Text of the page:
If you’re in your 60s or 70s, you can expect to find yourself developing cataracts. In fact, at this age, it’s not uncommon to have already undergone cataract surgery. Since developing cataracts is just a normal and anticipated part of human ageing, cataract surgery is one of the most commonly performed surgical procedures in the world. However, recognising the signs of a cataract isn’t always as straightforward as you might think. Keep reading to learn about the signs of a cataract.
Signs of a Cataract
A cataract is a haze or opacity of the lens inside the eye. In a young, healthy eye, this lens is optically transparent so that light can pass through for sharp vision. However, as we age, it gradually loses its clarity, and at some point, we call it a cataract.
One of the signs of a cataract is exactly as you’d expect – your sight becomes hazy and less clear. You might describe the experience as filmy, cloudy, blurry, or like it feels as if you’re constantly looking through a dirty window or smudged glasses. An early cataract tends not to result in any noticeable deterioration of your clarity of sight. Quite often the first clue that you’re developing cataracts is just from your optometrist mentioning it during a routine eye exam.
Other signs of a cataract can include:
- You need better lighting for reading. Does small print feel like it’s getting smaller? Or does it seem like your eyes get particularly fatigued after trying to read by the light of your dim bedside lamp? One of the effects of a cataract is that your contrast sensitivity deteriorates. This means that your ability to discern fainter details against a background is declining. Bright lighting can help to improve the contrast and make text appear bolder against the page. Other activities you might find becoming more difficult in poor ambient lighting include sewing or navigating uneven ground.
- You avoid driving at night. While deteriorating contrast vision can influence your confidence when driving at night, increasing glare sensitivity from your developing cataracts will also make things more difficult. The opacities in the lens scatter light particles as they enter the eye, which we then perceive as glare. You may find this increased glare sensitivity makes you particularly uncomfortable when you’re faced with oncoming car headlights on the road. Furthermore, in low light, our pupils dilate, which increases the sensation of glare. Other situations where you may notice yourself squinting include when reading neon or LED signage at night, or when you’re reading off a digital device. The backlit nature of a screen that has been turned up too brightly can also induce glare.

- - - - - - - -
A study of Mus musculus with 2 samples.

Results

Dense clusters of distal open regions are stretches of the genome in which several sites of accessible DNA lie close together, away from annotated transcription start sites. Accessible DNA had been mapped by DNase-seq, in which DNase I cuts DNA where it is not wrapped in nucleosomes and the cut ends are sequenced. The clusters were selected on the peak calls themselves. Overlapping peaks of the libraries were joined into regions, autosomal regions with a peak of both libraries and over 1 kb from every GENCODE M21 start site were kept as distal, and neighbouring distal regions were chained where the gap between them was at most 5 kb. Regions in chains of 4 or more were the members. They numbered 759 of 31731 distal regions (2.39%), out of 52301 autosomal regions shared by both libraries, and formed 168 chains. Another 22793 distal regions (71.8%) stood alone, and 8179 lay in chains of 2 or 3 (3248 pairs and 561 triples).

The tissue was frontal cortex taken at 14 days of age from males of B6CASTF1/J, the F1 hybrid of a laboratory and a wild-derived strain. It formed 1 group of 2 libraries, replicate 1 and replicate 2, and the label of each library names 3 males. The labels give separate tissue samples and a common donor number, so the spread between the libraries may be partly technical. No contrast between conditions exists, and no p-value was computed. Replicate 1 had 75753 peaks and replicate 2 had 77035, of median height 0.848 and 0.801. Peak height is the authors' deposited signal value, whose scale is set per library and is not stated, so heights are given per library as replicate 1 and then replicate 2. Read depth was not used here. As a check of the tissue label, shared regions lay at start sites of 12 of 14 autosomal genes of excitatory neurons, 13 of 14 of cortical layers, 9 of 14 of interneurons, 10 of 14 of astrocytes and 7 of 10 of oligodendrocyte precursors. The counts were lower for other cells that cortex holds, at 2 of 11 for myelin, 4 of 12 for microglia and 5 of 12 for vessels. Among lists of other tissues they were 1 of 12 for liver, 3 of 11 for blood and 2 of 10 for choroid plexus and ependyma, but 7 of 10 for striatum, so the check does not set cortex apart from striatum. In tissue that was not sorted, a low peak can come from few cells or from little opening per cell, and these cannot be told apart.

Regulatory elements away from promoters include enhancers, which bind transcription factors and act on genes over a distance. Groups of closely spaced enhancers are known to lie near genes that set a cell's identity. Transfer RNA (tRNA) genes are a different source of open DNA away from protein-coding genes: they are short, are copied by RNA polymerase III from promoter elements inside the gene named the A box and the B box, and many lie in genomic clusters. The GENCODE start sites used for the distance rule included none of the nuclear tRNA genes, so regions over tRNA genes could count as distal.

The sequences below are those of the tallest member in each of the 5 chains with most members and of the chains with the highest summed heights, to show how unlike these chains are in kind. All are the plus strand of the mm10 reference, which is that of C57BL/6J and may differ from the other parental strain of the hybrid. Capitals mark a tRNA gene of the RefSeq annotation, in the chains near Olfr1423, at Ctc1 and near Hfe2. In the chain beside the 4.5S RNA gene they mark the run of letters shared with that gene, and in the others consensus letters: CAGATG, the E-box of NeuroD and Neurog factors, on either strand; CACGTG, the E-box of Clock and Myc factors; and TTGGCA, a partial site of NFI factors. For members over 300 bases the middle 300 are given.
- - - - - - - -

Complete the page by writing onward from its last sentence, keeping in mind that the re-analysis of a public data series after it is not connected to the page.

- Your glasses or contact lens prescription is shifting rapidly. As a cataract develops, it can change the refractive index of the lens, which alters your prescription. Although some small shift to a prescription is natural even without the presence of cataracts, advancing cataracts can cause your script to change significantly and in a relatively short period of time. This shift can be in any direction – you could become more short-sighted or more long-sighted. You may even develop astigmatism. In many situations, you can improve your vision by simply updating your glasses. However, some people find that their prescription changes so often and so quickly that it becomes too expensive to keep pace with the frequent updates. In this case, cataract surgery is often the better option.
You can expect these cataract signs to develop very slowly over time. The gradual progression makes it difficult to notice these changes to your vision.
It’s important to note that the signs of a normal age-related cataract never include pain or sudden loss of vision. There is never a redness or inflammation associated with a typical cataract, nor discharge from the eye. The exception to this is in the rare case of a hypermature cataract – one that has been left unattended for too long.
Uncommonly, a hypermature cataract may suddenly rupture, resulting in an inflammatory reaction inside the eye known as uveitis. Hypermature cataracts are very rarely seen in the Australian healthcare system; they are more commonly found in developing countries due to poor access to eye care and cataract surgery.
In the early days of your cataract development, it’s usually not necessary to undergo cataract surgery. Your optometrist or ophthalmologist will be able to assess your vision and discuss the impact of cataracts on your daily tasks with you. For mild to moderate cataracts, you may be satisfied with making some simple modifications to make your activities easier, rather than going for cataract surgery straightaway. For example, using task lighting for reading, updating your glasses, or reducing the brightness of your computer screen.
Once you feel that the cataracts are becoming more bothersome, you can ask to be referred for cataract surgery. Cataract surgery is a safe and effective day procedure. It involves the extraction of your cataract, replacing it with a clear implant. This implant is typically calculated to correct your eye’s prescription, meaning you can reduce your dependency on glasses.
The health of the lens is always assessed during your routine eye tests. Your eye care professional will be able to tell you if you’re developing a cataract.